There may be several reasons why we might decide not to change your plan by doing a plan reassessment or variation when you ask us to.
When would we decide not to do a plan reassessment?
If you ask us to do a plan reassessment, we need to think about whether your current plan can meet your support needs, and the reason you are asking for a plan reassessment.
We would decide not to do a plan reassessment, for example:
- If you don’t have any new information or evidence
- If your request is only about wanting more funding, or supports that other participants have
- If informal, community or mainstream supports can meet your needs
- If your plan is suspended.
We generally won’t change your funding if there’s no new information about how your support needs have changed.
For example, we generally won’t do a plan change if:
- you changed your mind about the supports you want, after we approved your plan
- there’s no evidence your support needs have changed, that is, you can still do the same things you could do when we approved your plan
- there’s not enough evidence to show you need changes to your funded supports, such as more therapy.
We generally won’t change your funding just because you want more supports, or the same supports as others.
This may include where you want:
- more funding because you’ve used all the funding in your plan, even though your situation hasn’t changed
- other supports because another participant has these supports
- supports added to your plan without enough evidence on why you need them
- funding for supports that don’t relate to your disability.
We generally won’t change your funding if friends, family or other services can meet your needs.
For example, if you ask for things we:
- don’t fund, like medical treatment, school fees or childcare
- would reasonably expect family or friends to do for you, such as short-term care if the family members who usually support you are sick.
We also can’t do a plan change if your plan has been suspended.
This usually happens after:
- you’ve been overseas for more than 6 weeks – there are some situations we can extend the 6 week period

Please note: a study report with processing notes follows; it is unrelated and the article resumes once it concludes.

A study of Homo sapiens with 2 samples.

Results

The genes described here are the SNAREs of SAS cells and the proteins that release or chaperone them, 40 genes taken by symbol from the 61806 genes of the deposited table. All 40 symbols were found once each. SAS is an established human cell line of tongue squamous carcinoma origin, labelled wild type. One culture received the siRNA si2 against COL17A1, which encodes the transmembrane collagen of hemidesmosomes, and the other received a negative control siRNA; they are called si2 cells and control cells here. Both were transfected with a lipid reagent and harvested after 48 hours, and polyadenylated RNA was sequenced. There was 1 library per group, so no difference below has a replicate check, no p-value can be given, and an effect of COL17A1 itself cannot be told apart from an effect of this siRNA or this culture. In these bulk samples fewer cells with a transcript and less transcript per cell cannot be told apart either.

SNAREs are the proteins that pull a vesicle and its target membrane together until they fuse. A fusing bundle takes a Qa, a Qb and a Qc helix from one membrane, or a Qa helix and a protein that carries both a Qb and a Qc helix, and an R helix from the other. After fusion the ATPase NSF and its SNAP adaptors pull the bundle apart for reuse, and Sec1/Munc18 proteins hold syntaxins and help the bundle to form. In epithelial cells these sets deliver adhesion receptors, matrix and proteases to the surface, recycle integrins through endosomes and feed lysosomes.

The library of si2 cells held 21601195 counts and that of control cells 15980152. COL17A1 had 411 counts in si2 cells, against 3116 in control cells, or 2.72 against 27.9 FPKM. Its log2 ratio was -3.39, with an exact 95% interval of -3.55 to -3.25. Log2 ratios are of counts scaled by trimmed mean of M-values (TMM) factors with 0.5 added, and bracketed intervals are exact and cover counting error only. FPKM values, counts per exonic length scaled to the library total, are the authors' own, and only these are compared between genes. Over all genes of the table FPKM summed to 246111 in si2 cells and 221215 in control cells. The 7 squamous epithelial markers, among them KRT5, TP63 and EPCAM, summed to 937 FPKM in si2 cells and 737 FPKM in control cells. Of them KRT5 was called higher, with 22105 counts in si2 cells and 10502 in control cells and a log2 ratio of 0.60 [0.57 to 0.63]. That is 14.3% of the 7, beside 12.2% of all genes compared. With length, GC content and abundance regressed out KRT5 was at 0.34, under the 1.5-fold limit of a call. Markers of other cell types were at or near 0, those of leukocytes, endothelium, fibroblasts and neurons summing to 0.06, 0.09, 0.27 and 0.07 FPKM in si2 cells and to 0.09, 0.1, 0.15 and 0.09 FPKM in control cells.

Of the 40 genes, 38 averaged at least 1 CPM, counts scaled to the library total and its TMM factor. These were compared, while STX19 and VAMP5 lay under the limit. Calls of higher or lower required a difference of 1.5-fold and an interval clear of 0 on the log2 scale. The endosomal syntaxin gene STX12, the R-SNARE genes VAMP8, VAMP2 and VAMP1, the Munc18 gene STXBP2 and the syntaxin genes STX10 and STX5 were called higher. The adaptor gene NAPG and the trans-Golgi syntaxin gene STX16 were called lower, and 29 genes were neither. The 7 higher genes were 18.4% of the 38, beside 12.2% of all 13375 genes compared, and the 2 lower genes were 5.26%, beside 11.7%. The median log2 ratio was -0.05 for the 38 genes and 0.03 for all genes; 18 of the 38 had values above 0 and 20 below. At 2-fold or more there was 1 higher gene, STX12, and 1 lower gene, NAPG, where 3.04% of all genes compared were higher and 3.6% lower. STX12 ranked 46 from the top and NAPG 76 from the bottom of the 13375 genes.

- you don’t claim compensation you’re entitled to after we ask you to, for example after you’ve had an injury.
Learn more about plan suspensions.
When would we decide not to do a plan variation?
There are reasons outlined in the NDIS Act when we would decide to do a plan variation. These are outlined in this guideline in What is a plan variation.
We would decide to not do a plan variation if it doesn’t meet the NDIS funding criteria, or the reasons outlined in this section.
- your plan is suspended or ceased
- you have flexible funding left in your plan that can be used
- we can’t look at the variation without looking at looking at the other supports in your plan
- your situation has changed significantly, and a reassessment is required
- you are wanting more funding to help with a new or changed goal, and the request is not minor
- it is to avoid or replace an existing review or appeal pathway
- we don’t have enough evidence to support a variation
- we have varied your plan several times and your plan isn’t meeting your need so a reassessment is needed
- your needs can be met by your informal, community or mainstream supports
- you have used all the funds in your plan more quickly than specified in your plan.
How can we support you?
If we decide not to change your plan, we can link you with other services who may be able to help. Talk to your local area coordinator, early childhood partner, support coordinator or planner about how they can help you get other supports you may need.
If you don’t agree with our decision not to either do a plan reassessment or plan variation, you can ask us for an internal review of that decision. This means another one of our staff, who wasn’t involved in the original decision, will look at whether we made the right decision.
Learn more about reviewing our decisions.